Bringing a whole new meaning to the phrase ‘eye-catching’, Canadian scientists confirm male Pond Skater insects have evolved specifically shaped antennae to grapple and hold down resisting female mates, by their eye balls.
Using high-speed video cameras, Dr Abderrahman Khila and Professor Ehab Abouheif from McGill University, Montreal, observed the males using their hook-like antennae to pin down and successfully mate with reluctant females.
The study was undertaken after Professor Locke Rowe from the University of Toronto first speculated that the antennae seemed to perfectly match the contours of the female’s eyes and head.
Typical of most male organisms, the male Pond Skater is ready to mate multiple times a day. With the females being somewhat less keen, they have evolved the ability to store sperm and so only need mate once a week. This conflict of interests has affected the species’ evolution, with males evolving ways to restrain the females and the females evolving ways to resist; a “sexual arms race”.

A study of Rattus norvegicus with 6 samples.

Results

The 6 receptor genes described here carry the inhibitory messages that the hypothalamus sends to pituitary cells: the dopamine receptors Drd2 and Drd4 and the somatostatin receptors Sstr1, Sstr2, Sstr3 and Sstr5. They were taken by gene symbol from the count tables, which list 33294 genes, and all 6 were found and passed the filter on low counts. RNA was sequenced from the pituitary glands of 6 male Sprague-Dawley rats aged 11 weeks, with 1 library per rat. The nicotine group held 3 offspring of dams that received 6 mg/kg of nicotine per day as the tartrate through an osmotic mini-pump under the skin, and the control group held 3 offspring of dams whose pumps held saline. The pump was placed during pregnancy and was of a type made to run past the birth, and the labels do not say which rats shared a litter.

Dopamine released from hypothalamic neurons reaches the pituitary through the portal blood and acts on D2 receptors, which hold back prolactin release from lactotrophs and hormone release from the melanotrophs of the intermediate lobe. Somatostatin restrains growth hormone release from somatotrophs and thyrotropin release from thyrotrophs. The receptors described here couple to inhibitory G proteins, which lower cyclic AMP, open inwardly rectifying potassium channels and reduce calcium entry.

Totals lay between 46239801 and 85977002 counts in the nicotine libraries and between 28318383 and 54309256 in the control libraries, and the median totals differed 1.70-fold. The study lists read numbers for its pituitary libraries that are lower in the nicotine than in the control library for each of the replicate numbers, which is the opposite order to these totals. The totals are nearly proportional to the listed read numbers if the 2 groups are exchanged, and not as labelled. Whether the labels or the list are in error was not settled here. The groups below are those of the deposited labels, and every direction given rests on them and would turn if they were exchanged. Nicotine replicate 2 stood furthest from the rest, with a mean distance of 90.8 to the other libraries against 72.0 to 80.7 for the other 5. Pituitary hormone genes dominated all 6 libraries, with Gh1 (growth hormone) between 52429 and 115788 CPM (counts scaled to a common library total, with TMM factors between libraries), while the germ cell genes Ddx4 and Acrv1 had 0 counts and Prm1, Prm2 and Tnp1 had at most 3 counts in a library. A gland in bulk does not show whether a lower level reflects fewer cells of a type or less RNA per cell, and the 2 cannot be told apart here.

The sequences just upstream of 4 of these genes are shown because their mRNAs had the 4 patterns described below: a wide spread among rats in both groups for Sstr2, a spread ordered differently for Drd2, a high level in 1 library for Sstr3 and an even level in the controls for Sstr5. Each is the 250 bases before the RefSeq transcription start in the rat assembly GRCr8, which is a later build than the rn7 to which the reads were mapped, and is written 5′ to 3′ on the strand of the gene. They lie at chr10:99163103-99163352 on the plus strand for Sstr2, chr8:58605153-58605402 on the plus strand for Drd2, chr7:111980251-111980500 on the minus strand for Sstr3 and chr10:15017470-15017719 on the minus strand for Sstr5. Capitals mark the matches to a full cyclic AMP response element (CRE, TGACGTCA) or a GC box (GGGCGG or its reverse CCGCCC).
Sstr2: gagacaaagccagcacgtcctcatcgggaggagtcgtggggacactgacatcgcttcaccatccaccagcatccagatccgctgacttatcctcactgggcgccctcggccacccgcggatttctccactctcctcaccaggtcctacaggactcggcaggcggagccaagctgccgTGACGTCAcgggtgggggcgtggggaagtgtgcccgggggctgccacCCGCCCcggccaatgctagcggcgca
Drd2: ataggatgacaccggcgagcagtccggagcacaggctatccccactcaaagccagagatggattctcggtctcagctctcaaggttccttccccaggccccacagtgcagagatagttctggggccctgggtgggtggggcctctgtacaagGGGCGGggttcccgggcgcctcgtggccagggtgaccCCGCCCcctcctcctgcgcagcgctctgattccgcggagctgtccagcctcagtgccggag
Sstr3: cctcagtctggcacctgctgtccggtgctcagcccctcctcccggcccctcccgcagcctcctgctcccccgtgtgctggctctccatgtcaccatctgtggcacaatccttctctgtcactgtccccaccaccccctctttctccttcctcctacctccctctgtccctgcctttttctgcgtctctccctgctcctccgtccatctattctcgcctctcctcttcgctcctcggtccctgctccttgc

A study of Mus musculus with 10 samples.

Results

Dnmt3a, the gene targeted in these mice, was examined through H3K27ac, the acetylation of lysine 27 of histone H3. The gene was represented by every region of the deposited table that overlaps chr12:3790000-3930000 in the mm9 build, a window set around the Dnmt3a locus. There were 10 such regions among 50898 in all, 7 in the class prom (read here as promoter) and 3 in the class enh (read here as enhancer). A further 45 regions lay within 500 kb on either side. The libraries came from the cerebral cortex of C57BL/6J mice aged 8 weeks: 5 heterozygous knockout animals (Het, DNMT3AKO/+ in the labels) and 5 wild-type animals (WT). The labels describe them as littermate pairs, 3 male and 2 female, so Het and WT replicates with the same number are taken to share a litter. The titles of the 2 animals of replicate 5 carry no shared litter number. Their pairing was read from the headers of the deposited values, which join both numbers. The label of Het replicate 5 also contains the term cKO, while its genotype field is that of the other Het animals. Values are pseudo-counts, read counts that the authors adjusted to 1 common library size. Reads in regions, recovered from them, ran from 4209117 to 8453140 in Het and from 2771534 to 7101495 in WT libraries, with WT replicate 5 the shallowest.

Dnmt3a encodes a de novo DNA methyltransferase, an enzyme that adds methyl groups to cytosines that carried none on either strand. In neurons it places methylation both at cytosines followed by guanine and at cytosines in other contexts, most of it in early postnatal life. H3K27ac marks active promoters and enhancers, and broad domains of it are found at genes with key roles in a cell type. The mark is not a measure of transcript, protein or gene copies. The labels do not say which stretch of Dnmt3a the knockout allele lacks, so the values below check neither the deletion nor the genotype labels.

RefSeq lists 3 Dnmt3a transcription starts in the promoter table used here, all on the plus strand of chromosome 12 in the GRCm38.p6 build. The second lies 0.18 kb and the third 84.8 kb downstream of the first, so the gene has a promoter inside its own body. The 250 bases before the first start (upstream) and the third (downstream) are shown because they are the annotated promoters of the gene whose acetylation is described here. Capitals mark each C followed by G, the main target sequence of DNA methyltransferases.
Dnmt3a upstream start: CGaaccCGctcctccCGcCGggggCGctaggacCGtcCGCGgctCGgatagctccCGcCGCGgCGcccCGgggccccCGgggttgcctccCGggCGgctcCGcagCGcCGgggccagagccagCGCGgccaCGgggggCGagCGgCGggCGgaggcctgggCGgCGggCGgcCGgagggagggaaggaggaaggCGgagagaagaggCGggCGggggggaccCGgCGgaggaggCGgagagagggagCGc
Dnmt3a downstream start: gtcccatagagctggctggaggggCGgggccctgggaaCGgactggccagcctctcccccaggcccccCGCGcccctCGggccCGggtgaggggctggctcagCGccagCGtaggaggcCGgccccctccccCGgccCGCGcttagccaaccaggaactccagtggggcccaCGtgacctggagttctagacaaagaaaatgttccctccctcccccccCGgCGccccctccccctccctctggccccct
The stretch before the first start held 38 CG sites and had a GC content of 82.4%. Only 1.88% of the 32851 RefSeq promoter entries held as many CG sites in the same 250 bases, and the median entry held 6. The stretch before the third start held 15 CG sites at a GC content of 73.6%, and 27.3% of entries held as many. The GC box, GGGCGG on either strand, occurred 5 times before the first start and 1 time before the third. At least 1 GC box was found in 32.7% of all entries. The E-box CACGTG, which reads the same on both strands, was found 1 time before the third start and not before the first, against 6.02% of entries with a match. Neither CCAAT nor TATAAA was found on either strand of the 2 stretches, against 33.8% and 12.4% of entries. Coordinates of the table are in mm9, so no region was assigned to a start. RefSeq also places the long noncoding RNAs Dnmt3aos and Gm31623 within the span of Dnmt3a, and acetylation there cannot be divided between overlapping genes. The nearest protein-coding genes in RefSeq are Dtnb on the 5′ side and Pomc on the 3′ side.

Professor Rowe singled out the dll gene as responsible for the elaborate antennae growth. By reducing the gene’s activity using a technique known as RNA interference, the antennae were simplified, reducing or completely diminishing the male’s ability to copulate.
However, even when the antennae are fully functional, the males are only successful “10 percent of the time” says Rowe. “The females have become effective at dislodging males” as “unwanted mating increases the risk of a predator attacking”. It would seem the battle of the Canadian Pond Skater sexes is set to continue.
“The study gives us new insight into the evolution of novelty, and novelty is one of the most spectacular outcomes of the evolutionary process.”